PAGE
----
Lviv, Ukraine Pope John Paul II bid an emotional farewell to Ukraine on Wednesday, ending a visit during which he sought to foster religious and national unity in this former Soviet republic.
"Unity and harmony. This is the secret of peace and the condition for true and stable social development," the pope said in his farewell speech at the Lviv airport. "It is thanks to this combination of intentions and actions that Ukraine, homeland of faith and dialogue, will see its dignity recognized in the community of nations."
John Paul returned to Rome in early evening.
The five-day visit brought the pope from the golden domes of Kiev, where the Orthodox reign, to the Baroque churches of Lviv, stronghold of Ukraine's Greek Catholics, who retain Eastern rite rituals but remain faithful to the pontiff in Rome. John Paul's efforts to heal the schism dividing Christianity for nearly a millennium were the main theme of his trip.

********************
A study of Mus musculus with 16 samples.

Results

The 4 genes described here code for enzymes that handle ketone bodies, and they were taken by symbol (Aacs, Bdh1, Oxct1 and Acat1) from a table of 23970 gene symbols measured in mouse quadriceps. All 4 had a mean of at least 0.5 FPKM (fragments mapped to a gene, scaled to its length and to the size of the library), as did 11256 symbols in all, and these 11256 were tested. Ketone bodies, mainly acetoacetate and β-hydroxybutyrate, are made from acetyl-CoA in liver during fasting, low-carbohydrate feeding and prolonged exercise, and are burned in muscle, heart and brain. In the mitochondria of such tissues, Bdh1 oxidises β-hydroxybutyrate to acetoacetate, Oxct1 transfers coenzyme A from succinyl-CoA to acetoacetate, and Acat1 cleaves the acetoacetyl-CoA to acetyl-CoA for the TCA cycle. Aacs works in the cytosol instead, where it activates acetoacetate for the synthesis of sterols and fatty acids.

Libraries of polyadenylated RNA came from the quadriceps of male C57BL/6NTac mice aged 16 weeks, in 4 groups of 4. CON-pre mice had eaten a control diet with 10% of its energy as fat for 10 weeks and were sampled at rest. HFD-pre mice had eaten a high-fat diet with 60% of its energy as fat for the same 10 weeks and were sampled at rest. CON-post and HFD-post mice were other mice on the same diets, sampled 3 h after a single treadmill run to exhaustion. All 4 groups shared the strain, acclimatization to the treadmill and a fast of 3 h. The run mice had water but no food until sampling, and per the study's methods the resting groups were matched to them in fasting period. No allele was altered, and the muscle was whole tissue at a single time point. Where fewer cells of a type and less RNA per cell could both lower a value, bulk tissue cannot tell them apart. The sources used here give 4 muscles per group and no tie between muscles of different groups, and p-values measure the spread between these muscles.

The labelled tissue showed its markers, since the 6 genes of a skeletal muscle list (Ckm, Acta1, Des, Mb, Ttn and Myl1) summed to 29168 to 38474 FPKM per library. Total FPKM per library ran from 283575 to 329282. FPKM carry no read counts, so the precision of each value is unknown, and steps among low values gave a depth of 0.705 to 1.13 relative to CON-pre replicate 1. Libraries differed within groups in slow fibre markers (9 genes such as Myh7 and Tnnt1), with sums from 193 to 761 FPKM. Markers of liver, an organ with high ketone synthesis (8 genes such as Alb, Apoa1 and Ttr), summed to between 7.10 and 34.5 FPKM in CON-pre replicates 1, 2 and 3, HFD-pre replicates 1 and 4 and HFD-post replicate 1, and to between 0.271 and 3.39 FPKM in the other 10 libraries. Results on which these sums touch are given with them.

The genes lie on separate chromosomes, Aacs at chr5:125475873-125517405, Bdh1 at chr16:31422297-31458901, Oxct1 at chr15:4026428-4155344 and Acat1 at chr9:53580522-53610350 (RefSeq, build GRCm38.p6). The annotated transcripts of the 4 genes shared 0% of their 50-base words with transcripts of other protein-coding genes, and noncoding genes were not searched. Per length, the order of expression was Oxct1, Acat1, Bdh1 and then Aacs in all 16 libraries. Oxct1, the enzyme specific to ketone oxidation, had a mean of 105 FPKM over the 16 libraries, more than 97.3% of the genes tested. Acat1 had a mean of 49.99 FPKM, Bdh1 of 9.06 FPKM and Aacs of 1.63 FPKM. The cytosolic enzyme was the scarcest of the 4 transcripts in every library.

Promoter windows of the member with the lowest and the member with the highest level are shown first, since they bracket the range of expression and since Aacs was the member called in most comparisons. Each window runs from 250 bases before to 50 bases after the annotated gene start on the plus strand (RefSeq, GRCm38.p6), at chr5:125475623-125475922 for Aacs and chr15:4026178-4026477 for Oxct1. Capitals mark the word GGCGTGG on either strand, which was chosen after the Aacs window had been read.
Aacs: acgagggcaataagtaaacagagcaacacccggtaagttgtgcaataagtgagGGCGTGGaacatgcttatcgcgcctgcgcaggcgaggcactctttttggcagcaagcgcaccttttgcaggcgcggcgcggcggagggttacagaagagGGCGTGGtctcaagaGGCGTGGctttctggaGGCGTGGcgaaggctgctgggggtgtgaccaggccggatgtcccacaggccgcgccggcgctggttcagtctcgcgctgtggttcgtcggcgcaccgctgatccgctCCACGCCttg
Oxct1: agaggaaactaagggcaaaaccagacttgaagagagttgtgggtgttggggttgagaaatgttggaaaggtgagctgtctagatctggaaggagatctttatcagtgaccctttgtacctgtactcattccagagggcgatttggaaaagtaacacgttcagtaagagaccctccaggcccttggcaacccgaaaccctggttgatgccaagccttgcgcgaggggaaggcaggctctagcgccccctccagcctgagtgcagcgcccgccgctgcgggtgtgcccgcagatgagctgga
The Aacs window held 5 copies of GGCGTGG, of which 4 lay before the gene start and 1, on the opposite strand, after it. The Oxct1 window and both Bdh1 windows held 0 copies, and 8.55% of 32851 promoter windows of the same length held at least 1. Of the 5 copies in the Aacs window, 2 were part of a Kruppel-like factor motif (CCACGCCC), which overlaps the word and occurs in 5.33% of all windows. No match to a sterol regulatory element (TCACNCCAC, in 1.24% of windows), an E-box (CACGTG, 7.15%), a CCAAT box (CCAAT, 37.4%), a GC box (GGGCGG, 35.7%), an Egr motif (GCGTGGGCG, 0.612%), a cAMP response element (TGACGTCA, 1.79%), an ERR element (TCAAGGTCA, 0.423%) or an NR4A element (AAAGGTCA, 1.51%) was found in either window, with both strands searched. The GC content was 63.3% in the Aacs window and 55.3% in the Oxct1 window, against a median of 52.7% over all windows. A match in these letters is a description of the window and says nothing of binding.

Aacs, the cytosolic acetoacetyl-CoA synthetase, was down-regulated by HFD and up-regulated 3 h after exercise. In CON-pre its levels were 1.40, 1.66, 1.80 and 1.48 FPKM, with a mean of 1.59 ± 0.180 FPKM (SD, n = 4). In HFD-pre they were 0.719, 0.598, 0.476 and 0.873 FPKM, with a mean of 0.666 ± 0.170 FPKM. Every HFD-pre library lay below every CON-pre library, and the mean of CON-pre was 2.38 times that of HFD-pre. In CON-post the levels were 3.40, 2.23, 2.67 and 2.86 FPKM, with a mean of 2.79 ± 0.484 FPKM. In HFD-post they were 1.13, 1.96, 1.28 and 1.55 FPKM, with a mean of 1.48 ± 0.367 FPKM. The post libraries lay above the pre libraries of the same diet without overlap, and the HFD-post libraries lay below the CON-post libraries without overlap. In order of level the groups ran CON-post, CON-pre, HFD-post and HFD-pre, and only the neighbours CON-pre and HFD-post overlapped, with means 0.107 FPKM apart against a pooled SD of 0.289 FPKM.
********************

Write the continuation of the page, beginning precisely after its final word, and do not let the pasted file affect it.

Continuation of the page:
President Leonid Kuchma invited John Paul to Ukraine in spite of the vehement opposition of the majority Orthodox Church.
"My hope is that Ukraine will be able fully to become a part of the Europe which will take in the entire continent from the Atlantic to the Urals," the pope said, building on his desire to foster European integration based on common Christian roots.
He urged the people to "look with confidence in the future. This is the opportune time!"
Ukraine's future depends on its people's ability to bury deep divisions that stem from centuries of nationalist, religious and political rivalries as well as on the government's resolve to enforce reforms.
Kuchma said that the pope's visit provided "a unique opportunity to consider critically ... what has been done and what still remains to be done for the country to become an equal member of European society.